How things changed

Ever hear or read sentiments about the “little things?” The simple things? Such thoughts are popular on greeting cards with pictures of flowers. Many would agree that little things are actually the big things. And that simple things are the important things.

For Sophia Jenny, the minutes were the important, little things. She enjoyed those few minutes before a teacher called a class to attention. Those were the minutes she caught up with her friends. Sure, she has a phone. She could text any of them at almost any moment. But, for her, the time spent face-to-face was the best. That’s where the energy was.

When school dismissed in March because of the pandemic, it was those minutes she missed most. NC Catholics recently asked Sophia some questions about her experience.  

NC Catholics: What are your interests?

SJ: I love to read. I love to cook. Outside of school I volunteer at Note in the Pocket, which helps kids who need clothing for school.

I used to play volleyball, and I started coaching after I was done with the varsity season at Gibbons. I am on student council … I loved leading retreats and altar serving. 

NCC: When you reflect on what you missed about the end of your senior year, what strikes you the most?

SJ: Gibbons does such a great job of creating community. You have so many relationships with people … teachers and friends.  

At the end of the year on the last day of classes they do a senior picnic … we go out to the pavilion so it’s outside and everyone dresses up nicely and gets to just talk.

Senior supper where the educators make a meal and serve it and the gym. Graduation and Baccalaureate Mass are major ones as well, but if anything, I would love to just sit in all my classes just one more time. That is, you know, huge.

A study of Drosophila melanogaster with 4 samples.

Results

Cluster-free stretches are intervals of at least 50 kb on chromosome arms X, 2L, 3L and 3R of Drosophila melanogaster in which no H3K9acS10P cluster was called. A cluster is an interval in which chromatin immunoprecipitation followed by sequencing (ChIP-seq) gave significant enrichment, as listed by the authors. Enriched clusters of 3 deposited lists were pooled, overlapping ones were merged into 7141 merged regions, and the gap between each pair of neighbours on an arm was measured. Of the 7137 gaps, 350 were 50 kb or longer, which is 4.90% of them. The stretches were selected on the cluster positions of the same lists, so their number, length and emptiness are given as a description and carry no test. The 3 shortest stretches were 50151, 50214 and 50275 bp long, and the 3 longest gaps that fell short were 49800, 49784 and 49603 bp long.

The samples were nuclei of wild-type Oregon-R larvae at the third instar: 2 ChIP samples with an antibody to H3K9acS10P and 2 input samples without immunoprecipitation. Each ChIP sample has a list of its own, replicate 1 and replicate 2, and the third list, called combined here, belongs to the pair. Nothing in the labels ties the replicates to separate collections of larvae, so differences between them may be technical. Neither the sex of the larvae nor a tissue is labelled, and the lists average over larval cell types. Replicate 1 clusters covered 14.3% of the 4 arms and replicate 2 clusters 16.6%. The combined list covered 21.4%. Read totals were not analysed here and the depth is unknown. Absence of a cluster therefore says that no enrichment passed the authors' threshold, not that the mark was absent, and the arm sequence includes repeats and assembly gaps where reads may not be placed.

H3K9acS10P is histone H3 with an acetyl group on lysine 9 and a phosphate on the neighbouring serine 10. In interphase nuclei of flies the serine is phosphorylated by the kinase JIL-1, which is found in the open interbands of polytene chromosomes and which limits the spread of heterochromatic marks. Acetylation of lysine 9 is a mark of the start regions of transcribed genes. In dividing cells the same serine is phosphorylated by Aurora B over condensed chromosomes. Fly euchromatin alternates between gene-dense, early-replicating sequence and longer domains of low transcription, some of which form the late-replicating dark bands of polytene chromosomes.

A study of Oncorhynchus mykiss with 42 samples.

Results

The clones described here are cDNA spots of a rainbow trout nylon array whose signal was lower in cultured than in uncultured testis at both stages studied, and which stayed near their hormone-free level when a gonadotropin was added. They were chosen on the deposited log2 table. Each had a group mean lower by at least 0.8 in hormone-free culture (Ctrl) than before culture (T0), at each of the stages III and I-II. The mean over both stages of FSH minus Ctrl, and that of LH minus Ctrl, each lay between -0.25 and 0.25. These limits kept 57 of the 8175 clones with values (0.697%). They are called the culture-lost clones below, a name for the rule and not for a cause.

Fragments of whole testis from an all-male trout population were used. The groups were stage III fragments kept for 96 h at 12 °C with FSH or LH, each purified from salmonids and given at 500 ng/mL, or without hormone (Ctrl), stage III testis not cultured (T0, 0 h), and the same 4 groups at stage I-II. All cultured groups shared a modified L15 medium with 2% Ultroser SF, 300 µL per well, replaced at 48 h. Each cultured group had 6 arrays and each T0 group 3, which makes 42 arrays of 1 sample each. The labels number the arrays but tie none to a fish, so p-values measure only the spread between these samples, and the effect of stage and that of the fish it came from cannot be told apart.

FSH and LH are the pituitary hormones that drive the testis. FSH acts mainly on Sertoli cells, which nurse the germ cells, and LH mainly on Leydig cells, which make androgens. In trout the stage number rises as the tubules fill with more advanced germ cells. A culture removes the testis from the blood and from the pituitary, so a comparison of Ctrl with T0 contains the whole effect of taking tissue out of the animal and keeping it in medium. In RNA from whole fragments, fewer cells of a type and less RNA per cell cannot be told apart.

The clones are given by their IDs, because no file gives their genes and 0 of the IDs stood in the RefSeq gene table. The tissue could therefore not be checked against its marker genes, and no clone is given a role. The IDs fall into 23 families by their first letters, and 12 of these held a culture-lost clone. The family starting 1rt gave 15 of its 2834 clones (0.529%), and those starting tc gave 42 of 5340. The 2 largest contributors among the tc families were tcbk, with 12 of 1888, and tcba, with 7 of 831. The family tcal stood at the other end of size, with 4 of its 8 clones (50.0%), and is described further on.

NCC: How was it switching from a traditional classroom to online learning at home?

SJ: It was really weird … but it worked out. My biology teacher, Miss K, did this Kahoot over Zoom, and she did this one random generator where your name was an animal and an adjective. And mine was a hamster. I forget which adjective was paired with it. It was super lighthearted. My calculus teacher … he has been holding review sessions three times a week. Even though that’s not fun, it was pretty selfless of him. In English we did these poetry presentations … it was fun, and everyone got a chance to talk.

NCC: When you were working through feelings, did you lean on faith? Family?

SJ: For me, God is really present in people, so having relationships with people and still staying connected has strengthened me. God has put all these incredible people in my life to help me. It’s been really nice spending time with my family. We have been watching The Office together. Just finding ways to spend time with family has been great, and my parents especially are always there to listen. And my sister has been helping me in small little ways.

One of my friends dropped off a surprise for me. It was a Friends (TV show) shirt, and it was like “the one where they were quarantined.” She left it with a little note. Just out of the blue.

NCC: Have there been any pleasant surprises about the changes in everyday life?

SJ: I am someone who loves being busy, and I work really well when I am under pressure and have a lot of stuff to get done and get home at 7 p.m. from practice. But it’s been nice to learn new things and read books that have been stacked on my nightstand forever.

NCC: Where are you going to college? What are you going to study?  

I am going to UCLA. I am studying neuroscience. This kind of relates to Gibbons … I got off the waitlist, and I talked to at least seven Gibbons educators and like 20 friends debating what I should do cause I had already committed to another school. So it showed how strong the community was even when I couldn’t see them in person. Even though I was stressed out making the decision, it was cool to see how supportive everyone was.